When I first covered Fleex, it was a neat little video player that let you learn English using your favorite movies or TV shows. Since then, Reverso has acqui-hired the team behind Fleex and now plans to relaunch the language learning platform with a new killer feature — Netflix shows.
Maybe I’m biased because it’s basically how I learned English, but I think watching all your movies and TV shows in a foreign language will drastically help you when it comes to learning that language.
At first, you start with subtitles, then you switch the language of the subtitles so that both the audio and the subtitles are in the foreign language. Then you drop the subtitles altogether. You’ve got to force yourself so that when you go to the next phase it feels difficult to understand at first.
On Fleex, you start with subtitles in both your native language and English. Slowly, Fleex removes subtitles in your native language. For the hardest parts of the video, you still get subtitles in both languages, but not all the time. Then Fleex removes subtitles completely.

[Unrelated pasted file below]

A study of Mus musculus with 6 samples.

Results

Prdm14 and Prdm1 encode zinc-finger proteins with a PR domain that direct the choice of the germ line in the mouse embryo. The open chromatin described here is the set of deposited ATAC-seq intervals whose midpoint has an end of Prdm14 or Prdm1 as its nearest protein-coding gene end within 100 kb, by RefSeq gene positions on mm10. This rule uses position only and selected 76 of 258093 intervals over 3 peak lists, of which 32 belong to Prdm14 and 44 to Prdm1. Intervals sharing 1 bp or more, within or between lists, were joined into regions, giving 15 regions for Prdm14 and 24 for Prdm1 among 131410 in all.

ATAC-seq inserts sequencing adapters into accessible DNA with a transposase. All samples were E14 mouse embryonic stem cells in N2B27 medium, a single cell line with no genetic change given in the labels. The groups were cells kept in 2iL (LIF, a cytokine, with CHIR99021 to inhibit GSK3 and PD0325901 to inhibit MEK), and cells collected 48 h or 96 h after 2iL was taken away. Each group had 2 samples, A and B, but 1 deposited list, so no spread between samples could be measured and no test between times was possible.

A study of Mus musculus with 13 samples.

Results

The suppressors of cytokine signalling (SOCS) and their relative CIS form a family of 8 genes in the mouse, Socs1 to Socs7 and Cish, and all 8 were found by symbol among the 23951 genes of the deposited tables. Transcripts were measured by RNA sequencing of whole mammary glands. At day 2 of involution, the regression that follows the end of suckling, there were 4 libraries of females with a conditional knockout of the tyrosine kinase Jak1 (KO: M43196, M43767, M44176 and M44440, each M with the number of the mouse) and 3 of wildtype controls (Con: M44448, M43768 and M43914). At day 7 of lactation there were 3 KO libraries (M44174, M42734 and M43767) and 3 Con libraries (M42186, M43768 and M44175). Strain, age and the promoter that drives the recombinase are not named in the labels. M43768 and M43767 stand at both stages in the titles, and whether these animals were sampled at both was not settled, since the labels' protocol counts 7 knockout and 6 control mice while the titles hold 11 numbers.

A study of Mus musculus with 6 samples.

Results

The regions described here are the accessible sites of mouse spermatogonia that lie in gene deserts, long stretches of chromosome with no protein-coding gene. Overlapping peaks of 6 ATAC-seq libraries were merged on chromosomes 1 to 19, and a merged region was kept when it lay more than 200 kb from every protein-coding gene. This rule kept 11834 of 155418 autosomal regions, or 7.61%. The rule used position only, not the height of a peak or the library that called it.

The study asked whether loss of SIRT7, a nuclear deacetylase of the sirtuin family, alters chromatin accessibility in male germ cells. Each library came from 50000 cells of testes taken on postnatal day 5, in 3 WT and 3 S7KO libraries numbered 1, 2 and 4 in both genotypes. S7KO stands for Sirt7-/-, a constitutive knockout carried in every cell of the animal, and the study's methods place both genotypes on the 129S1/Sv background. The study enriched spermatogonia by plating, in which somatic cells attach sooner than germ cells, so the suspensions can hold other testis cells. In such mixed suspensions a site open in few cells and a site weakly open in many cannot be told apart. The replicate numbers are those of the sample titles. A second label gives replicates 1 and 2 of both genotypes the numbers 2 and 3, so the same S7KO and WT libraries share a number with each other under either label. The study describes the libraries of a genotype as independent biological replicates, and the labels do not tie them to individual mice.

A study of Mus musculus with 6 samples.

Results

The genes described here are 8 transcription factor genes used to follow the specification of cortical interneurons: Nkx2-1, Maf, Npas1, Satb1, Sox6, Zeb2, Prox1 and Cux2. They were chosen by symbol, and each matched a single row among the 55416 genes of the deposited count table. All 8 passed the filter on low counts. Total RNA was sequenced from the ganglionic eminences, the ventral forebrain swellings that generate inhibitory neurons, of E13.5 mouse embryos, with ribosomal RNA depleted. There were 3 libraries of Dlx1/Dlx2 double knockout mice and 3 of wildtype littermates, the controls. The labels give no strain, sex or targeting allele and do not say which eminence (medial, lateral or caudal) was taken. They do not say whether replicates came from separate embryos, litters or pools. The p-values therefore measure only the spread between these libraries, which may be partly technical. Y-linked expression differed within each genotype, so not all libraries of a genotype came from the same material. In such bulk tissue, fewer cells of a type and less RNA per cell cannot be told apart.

At any time, you can pause the video, click on a word to look up the definition in Reverso Context and add it to your list of words you want to learn.
Fleex costs €6.90 per month or €39 per year (about $7.60 and $43.00). It still works with TED talks and your personal videos if you don’t download the Fleex player on your computer. But the company is also adding Netflix as a source. I couldn’t try it yet, but it’s supposed to go live any day.
So how does Netflix support work? It’s a client-side integration. Netflix doesn’t have an API, but uses an HTML5 player that browser extensions can play with. For instance, you can add subtitles and interactions on top of the Netflix player.
“Netflix wasn’t available internationally a couple of years ago,” Reverso CEO Theo Hoffenberg told me. “But now, Netflix is quite open and we can work with the Netflix player directly. It’s not an API, but it’s open.”
The good thing is that Netflix can’t stop them from doing that as everything happens in your browser. From Netflix’s servers, it looks like yet another person streaming a show on Netflix. And Netflix will probably be happy that you’re spending more time (and money) watching Netflix content anyway — it’s a win-win.